Photographers acquire A LOT of images, and that translates to terabytes of data that need to be saved and protected.
Like their shooting styles, their archive/backup schemes can be just as diverse. From RAID systems, like a Drobo, to triple redundant drives, to no backup at all.
One of the first things to remember is that an archive and a backup are NOT the same.
Backing Up Your Data
To borrow a quote from a fellow photographer’s blog, “Repeat after me three times: RAID is not backup. Period.”
For those who never heard of it, RAID stands for “Redundant Array of Independent Disks” or “Redundant Array of Inexpensive Disks.” And for those who use the phrase “RAID array,” thats redundant.
The concept of a RAID is to combine multiple, less-expensive drives into a single, higher-capacity and/or faster volume. It is designed for redundancy so that the array and its data remain usable WHEN (NOT IF) a drive fails. The terms 1-disk or 2-disk redundancy refers to the number of drives that can fail with the array remaining usable.
There are many different types of RAID configurations:
RAID 0: Its primary purpose: faster performance. RAID 0 spreads the data across multiple drives. For example, block A is on drive 1, block B is on drive 2), and this permits increased write and read speeds. This is called striping.
RAID 0 offers no protection against drive failure, since this mode does not write any duplicate or parity information.
RAID 1: This mode writes and reads the same data to pairs of drives which is called mirroring. If either drive fails, you can continue working with the other until you can replace the bad one.
RAID 5: This mode is about both speed and redundancy. RAID 5 writes and reads from multiple disks, and it distributes parity data across all the disks in the array. Parity data is a smaller amount of data derived mathematically from a larger set that can accurately describe that larger amount of data, and thus serves to restore it. Since parity information is distributed across all the drives, any drive can fail without causing the entire array to fail.
RAID 5 needs a minimum of three disks to implement. Since data is read from multiple disks, performance can improve under RAID 5. This makes RAID very good for video editing systems.
Other options include RAID 6 or RAID 10, but they aren’t often found in consumer-level RAID units. RAID levels 2, 3, and 4 are not commonly used anymore.
The problem with considering a RAID as your backup is that it doesn’t help you with file deletion, corruption by applications, operating system or viruses.
So if you accidentally delete a file, it will instantly be removed from both mirrored copies. If your disk is corrupted by a software bug or virus, the corruption will be done to both mirrored copies simultaneously.
Having all the drives in one box that is being served by one power supply and controller has its problems too. A bad enough power surge will probably fry all disks in the RAID. If your house burns down… well, you get the point.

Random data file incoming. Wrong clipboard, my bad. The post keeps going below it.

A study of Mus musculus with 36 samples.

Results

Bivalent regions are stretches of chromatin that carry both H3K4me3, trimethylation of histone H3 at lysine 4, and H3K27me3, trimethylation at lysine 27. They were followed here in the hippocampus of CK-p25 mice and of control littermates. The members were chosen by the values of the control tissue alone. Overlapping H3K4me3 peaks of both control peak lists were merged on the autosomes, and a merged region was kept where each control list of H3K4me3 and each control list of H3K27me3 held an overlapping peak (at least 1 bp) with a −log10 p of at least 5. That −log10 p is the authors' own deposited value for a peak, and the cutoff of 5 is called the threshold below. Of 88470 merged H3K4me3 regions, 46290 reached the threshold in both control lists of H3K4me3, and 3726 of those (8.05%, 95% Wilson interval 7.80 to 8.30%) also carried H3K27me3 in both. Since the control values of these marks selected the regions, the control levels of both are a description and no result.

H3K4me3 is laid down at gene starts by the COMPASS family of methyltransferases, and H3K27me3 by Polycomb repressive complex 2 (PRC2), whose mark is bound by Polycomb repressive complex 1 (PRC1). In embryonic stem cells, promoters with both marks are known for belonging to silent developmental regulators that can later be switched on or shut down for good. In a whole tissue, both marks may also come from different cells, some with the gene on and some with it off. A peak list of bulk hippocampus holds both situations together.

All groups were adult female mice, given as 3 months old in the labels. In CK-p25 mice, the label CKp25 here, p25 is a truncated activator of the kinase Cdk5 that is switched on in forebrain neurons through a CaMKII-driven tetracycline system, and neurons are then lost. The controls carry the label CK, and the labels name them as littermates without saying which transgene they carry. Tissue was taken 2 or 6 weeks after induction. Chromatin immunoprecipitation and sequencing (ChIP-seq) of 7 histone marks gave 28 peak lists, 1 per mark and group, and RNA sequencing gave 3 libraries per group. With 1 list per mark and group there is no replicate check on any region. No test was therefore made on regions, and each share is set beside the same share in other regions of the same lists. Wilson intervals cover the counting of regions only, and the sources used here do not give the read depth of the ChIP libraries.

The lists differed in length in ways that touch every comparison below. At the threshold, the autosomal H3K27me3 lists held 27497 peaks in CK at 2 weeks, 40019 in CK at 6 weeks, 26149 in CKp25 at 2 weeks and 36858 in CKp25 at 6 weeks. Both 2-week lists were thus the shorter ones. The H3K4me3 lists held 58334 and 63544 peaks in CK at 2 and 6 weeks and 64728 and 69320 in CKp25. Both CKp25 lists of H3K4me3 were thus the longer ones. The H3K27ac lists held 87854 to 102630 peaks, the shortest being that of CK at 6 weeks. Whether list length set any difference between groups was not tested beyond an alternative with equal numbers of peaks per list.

A RAID is still a single device and because of that, also a single point of failure.
None of this means you should not use a RAID. Many photographers I know love the DROBO system. This is fine. JUST BACK IT UP! (I have never used a DROBO, but for another photographer’s opinion on DROBO see Scott Kelby’s post here: scottkelby.com/2012/im-done-with-drobo
A BACKUP needs to be a complete and recoverable copy of your data that resides on a separate hard drive possibly even a RAID. Just DO NOT USE SOFTWARE THAT MIRRORS THE PRIMARY DRIVE TO THE BACKUP or you will run into the same problems as above with at RAID 1. Proper backup software will perform a full backup and then hourly or daily backups of changed files.
My operating system and work disk (containing the current year’s photography) is backed up daily using Apple Time Machine software and a SEPARATE 3-terabyte drive. The drive is also plugged into its own surge protector. This software does not mirror the primary drives but backs up files and changed files. This gives you the opportunity to go back and recover something that may have been accidentally deleted.
The work disk contains ALL RAW files from the current year.
Images that are worked up for publication are exported from Adobe Lightroom and stored on my Photoshelter Archive. I trust Photoshelter and their geographically redundant archive to protect those images. If disaster were to strike, I could still export the images again from the backed up Lightroom archive.
My ARCHIVE of RAW images is stored on a separate drive that contains the last two year’s work. These images are also backed up on the primary backup drive.
Every year I rotate the oldest year off to a small portable drive. For these backups of the archives, I use Western Digital My Passport 2-terabyte drives. They are small and easily portable for off-site storage.
Basically everything exists in two or three places.
Whatever method you use for backing up and archiving, make sure that your data is stored redundantly and housed in more than one place. It will be the only way to guarantee its safety.
If anyone has any questions, feel free to ask!